Sure, the Mongolia land-buy is quixotic, but it’s not completely crazy.
The 4th of July is supposed to be a holiday. But if you’re anything like me, the last thing you’re feeling right now is relaxed. With flights to make, “fun-filled” family get-togethers to recover from and plenty of work to catch-up on, anxiety rules the day.
But things could be worse, I promise. For one, you could be a nutria—the varmint nobody but The Times has ever heard of. According to my Spanish-speaking friend, the word nutria is simply a catch-all for any otter-like species. Apparently, she is wrong (as this hilarious and fascinating video shows), and it turns out that wildlife officials are doing their very best to eradicate these (cute?) pests.
While only some of us can sympathize with the vanishing varmints, languages are disappearing, and that’s something we all should be thinking about. Nearly half of all known languages are set to be lost within the next 50 years, and it remains unclear how much irreplaceable knowledge will go with them.
As some scientists rush to catalogue and decipher languages edging toward oblivion, North Carolina is taking every step to defend its disappearing coastline by legislating its way above water-line. Unfortunately, they’ve taken the always courageous "bury your head in the disappearing sand" approach by requiring rates of sea level rise to be calculated on historical trends—not the latest science that predicts accelerated rates of increase.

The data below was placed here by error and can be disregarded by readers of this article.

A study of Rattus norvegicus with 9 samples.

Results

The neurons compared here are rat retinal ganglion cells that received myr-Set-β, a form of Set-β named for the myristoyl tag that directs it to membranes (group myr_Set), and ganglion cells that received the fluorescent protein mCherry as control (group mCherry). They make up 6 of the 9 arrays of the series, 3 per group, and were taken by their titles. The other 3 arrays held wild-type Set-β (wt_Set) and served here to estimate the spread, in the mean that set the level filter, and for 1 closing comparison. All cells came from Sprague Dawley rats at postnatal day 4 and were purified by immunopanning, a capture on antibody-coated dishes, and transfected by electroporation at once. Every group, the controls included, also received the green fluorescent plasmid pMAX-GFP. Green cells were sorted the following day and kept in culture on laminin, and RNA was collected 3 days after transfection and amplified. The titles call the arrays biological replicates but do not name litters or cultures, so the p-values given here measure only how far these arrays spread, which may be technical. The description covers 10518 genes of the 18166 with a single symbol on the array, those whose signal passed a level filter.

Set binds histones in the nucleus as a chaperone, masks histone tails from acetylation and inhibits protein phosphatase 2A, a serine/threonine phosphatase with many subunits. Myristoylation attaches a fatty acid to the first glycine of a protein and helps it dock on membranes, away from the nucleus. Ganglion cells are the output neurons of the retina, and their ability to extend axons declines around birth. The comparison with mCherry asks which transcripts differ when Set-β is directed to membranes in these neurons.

And things might only get worse for North Carolina if Mongolia’s “coal bomb” is finally tapped. Mongolia just happens to sit on the world’s largest untouched coal deposit, and companies from China to the U.S. are clamoring for mining rights. But with Norway paying Indonesia $1 billion to protect its forests and tensions between Mongolia and its money-hungry neighbors looming, some are calling for a multi-billion dollar land-buy to forestall mining.
Sure, the Mongolia land-buy is quixotic, but it’s actually not completely crazy. More than four-in-five American voters find conservation to be patriotic with support cutting across party lines. Many voters say they’re willing to pay more in taxes to protect the environment, and 79 percent of respondents think preservation can go hand-in-hand with economic growth. While we’re far from ready to buy Mongolia’s coal deposits, we do care a great deal about our outdoors.
So without further ado, here are the five articles to satiate your post-Independence Day intellectual, anxiety-fuelled and patriotic appetite.
It’s not just the coastal states that are threatened by globalization and economic growth, but languages. And this matters a whole lot more than you might otherwise think. Russ Rymer, National Geographic.